The complete organ works of Georg Böhm on CD 

GEORG BÖHM (1661 - 1733) 

The year 2011 marked the 350th anniversary of the birth of Georg Böhm (166I-1733). Until today, hardly any complete recordings of Böhm's organ works have been available. Organists usually play only a small selection of his pieces. Not one autograph of the organ works has been recovered; much of his music survives in a type of harpsichord notation by copyists. 

Böhm's ideal was a large organ. From his appointment as organist of the Johanniskirche in Lüneburg, in 1698, he unfailingly endeavoured to have the Netherlands organ by Hendrick Niehoff entirely rebuilt in the Hamburg style, and in 1712 he was finally successful.
Little is known of the composer, and we must rely on external sources for information on many aspects of his music. In preparing this recording, Stef Tuinstra has attempted to find answers to many questions concerning Böhm and his music.
Georg Böhm lived and worked in a period of transition. In the first quarter of the eighteenth century, classical seventeenth-century North German and Thuringian organ and church music fell under galant influence, particularly through the introduction of Italian and French opera. This development is reflected in Böhm's music: the forms employed in his free works are much more compact than in his illustrious elder colleagues Buxtehude and Reincken. The introduction in North Germany of the Pachelbel-style chorale partita, and the chorale cycle, was also relatively recent. Both can be viewed as a sort of 'organ' cantata, featuring a range of affects. When we add to this the fusion of German-Italian and French performance practice, it is clear that an entirely new style emerged. This was the style that Handel, Telemann and Bach developed to such heights, which in turn could explain why the pioneer Böhm died in relative obscurity.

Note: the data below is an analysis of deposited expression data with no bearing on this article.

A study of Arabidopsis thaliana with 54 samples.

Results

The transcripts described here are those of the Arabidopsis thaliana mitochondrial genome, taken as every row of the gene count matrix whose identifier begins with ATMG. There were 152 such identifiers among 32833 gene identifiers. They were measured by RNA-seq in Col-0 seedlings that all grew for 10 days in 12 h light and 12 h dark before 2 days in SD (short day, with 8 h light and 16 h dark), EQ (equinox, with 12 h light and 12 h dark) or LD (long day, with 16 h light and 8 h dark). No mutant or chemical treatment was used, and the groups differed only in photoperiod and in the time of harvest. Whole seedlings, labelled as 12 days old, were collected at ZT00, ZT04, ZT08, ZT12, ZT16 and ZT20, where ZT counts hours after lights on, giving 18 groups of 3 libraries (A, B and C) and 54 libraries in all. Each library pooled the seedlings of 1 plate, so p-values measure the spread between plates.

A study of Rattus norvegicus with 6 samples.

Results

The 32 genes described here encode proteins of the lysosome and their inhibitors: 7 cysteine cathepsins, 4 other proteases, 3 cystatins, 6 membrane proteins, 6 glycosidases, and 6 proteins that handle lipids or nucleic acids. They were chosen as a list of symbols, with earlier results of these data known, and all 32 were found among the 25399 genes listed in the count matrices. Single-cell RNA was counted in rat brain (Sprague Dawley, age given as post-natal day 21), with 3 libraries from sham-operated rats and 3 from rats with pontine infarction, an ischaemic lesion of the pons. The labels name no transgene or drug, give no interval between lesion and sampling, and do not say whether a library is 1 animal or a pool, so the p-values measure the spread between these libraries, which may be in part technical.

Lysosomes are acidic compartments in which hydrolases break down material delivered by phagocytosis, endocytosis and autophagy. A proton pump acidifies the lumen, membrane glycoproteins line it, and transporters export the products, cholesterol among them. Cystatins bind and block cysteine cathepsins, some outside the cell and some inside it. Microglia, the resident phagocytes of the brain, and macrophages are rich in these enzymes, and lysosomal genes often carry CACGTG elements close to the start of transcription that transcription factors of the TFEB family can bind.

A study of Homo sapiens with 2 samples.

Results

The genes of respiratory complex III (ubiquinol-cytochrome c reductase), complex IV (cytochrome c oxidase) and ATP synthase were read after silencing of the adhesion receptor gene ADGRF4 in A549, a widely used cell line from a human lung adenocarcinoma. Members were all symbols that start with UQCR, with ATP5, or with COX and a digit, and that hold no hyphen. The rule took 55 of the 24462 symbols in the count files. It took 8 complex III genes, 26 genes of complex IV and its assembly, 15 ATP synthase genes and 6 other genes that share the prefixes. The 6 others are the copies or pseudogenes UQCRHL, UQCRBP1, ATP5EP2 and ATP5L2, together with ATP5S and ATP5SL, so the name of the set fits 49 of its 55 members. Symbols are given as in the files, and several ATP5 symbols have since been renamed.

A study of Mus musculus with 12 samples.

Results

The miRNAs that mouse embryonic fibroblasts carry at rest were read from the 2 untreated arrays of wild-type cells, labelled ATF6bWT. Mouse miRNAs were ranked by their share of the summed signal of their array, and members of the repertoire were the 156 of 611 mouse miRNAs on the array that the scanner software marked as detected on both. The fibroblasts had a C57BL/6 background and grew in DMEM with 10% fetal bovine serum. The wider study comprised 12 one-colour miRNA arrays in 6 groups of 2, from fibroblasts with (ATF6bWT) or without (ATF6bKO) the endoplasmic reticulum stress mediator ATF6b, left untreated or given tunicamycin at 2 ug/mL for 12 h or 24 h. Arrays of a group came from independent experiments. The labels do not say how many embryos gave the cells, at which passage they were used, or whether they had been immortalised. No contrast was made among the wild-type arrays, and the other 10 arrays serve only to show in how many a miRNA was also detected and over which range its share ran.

On the CD recording, Stef Tuinstra has realised a facet of Baroque performance practice that is still not widely cultivated, namely the addition of improvised elements to existing compositions. These include the use of basso continuo and other added notes to fill in chords, in keeping with the style of Böhm's cantatas. From the days of Michael Praetorius (1619), an ideal of organ playing was to imitate a complete orchestra and choir. Johann Mattheson lamented the fact that, in his time, this ideal had not been widely pursued, apparently because it was so difficult to put into practice. 

Stef Tuinstra has recorded most of Böhm's organ works in the St. Jacobikirche in Hamburg, where the four-manual instrument by Arp Schnitger (1689-1693) was restored and reconstructed around 1990 by Jürgen Ahrend. Böhm was a member of the congregation there for six years, at the time when this instrument was built. Several organ works have been recorded not only in Hamburg but also on the Hinsz organ (1731) at Zandeweer. 

Read all about the history of both instruments here: Chronicles & stoplists 

Several compositions not written for a specific type of keyboard instrument have been recorded on a harpsichord made by Christian Zell in 1728, now in the Museum für Kunst und Gewerbe in Hamburg. 

The 3 CD-album – included an extended booklet – has been released on 15th. December 2011.
Costs € 33,95, shipping excluded (Europe € 6,80, Worldwide € 10,54).
See in the webshop top left at Organ CD’s.